Book review: Talk to Me Like I'm Someone You Love, revised edition: Relationship Repair in a Flash

By Lori Alamia,
An outside-the-box tool for healthier relationships...

One of the keys to a great relationship is communication. When healthy communication is lacking, a couple can fall into a painful pattern of arguing. At these moments, sometimes verbal communication won't allow them to say what they mean, at least not without yelling, and physical communication might not be as gentle and loving as it should be. How about a relationship tool a little outside-the-box? How about some flash cards?

Talk to Me Like I’m Someone You Love: Relationship Repair in a Flash by psychotherapist and couples therapist Nancy Dreyfus, is an interactive relationship book. She also has a deck of 64 flash cards, titled Talk to Me Like I’m Someone You Love: Flash Cards for Real Life, for repair on the go.

While it may sound unusual, the concept was derived from a real session Dreyfus had with a struggling couple. It worked to help them get their relationship back on track. In the heat of the moment, she came up with an effective way to encourage us to pause and think about what we are really trying to say. The beauty of a flash card is that there is no tone involved. The message is clear and can perhaps break an argument cycle by looking at the issue in a different way.

Her flash cards are divided into ten categories, such as “Shifting Gears” with a message like “This feels awful. Can we start again and really listen to each other?”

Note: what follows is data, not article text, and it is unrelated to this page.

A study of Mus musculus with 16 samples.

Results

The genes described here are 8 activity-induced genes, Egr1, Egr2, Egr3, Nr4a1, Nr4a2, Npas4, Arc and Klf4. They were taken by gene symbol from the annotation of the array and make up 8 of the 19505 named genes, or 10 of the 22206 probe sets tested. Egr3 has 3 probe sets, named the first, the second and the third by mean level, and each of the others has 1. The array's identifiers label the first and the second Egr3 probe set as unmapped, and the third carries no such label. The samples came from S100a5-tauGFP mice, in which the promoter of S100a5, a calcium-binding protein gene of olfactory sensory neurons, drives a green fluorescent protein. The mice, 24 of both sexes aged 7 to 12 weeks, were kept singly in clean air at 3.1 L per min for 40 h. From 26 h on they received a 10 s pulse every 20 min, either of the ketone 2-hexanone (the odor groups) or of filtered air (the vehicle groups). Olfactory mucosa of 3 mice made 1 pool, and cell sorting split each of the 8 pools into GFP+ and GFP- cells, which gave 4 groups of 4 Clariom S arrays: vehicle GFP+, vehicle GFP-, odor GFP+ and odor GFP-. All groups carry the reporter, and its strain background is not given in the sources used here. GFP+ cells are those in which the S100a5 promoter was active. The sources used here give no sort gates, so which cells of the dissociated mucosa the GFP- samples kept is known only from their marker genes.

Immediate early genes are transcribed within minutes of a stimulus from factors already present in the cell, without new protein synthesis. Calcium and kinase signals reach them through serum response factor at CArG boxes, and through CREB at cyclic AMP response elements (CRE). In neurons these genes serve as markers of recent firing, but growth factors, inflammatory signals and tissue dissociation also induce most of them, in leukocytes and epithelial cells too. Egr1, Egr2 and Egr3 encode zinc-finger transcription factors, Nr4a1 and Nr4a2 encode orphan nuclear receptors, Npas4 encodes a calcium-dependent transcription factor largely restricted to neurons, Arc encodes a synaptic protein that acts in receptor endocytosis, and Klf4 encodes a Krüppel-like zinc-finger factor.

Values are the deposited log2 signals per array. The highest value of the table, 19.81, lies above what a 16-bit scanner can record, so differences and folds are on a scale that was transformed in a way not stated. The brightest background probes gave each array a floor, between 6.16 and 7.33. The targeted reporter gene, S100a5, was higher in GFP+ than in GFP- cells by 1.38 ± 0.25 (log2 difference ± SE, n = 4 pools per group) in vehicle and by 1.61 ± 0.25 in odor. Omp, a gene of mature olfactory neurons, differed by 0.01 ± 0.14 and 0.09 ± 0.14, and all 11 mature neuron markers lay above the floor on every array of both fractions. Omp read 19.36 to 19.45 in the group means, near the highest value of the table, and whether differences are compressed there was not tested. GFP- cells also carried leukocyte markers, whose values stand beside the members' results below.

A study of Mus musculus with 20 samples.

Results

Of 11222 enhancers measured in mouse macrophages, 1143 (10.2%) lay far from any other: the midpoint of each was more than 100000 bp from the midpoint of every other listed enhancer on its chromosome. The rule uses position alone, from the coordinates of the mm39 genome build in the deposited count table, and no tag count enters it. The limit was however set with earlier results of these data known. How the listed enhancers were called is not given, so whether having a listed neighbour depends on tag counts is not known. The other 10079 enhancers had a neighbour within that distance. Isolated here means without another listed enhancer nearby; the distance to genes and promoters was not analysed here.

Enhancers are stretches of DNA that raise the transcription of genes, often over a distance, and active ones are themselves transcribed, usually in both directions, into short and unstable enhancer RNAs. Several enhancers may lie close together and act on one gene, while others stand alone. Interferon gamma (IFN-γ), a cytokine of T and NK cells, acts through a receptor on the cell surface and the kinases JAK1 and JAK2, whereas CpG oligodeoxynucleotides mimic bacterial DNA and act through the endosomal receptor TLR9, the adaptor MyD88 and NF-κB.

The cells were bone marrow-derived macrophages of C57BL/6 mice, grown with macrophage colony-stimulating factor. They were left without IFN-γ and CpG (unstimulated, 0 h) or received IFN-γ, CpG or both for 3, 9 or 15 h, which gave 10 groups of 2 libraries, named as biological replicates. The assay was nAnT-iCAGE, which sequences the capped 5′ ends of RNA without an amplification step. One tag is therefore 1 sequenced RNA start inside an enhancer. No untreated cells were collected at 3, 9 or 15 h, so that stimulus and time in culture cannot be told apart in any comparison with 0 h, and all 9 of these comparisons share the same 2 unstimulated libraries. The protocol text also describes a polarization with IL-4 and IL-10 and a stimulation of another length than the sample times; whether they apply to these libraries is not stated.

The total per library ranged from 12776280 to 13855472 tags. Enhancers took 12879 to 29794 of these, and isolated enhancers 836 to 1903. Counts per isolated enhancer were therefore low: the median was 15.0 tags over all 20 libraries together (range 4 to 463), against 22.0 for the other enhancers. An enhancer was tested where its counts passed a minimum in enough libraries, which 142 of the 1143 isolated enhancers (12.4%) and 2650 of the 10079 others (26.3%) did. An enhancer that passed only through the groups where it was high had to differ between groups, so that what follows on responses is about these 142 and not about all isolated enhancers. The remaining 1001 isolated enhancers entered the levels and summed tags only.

Other cards include “Taking Responsibility” with a message like “I realize I’m overreacting. Can you give me a minute to get sane again?” and “Setting Limits,” which includes the flash card from which the book’s title derived “Talk to me like I’m someone you love.”

Each flash card includes an explanation and example of when the card might be used.

This revised edition includes new sections on “Making Love” and “Deepening Trust” as well as some revisions to her previous flash cards. There is also a section for creating your own flash cards.

Dreyfus recommends reading through the entire book to see what resonates to the couple or what might have helped an argument they had in the past. As conflicts tend to repeat themselves, what might have been helpful last week could be helpful when the issue comes up again.

As long as they have an open mind and desire to heal, a couple can surely benefit from this smart tool to help them communicate in a more loving way.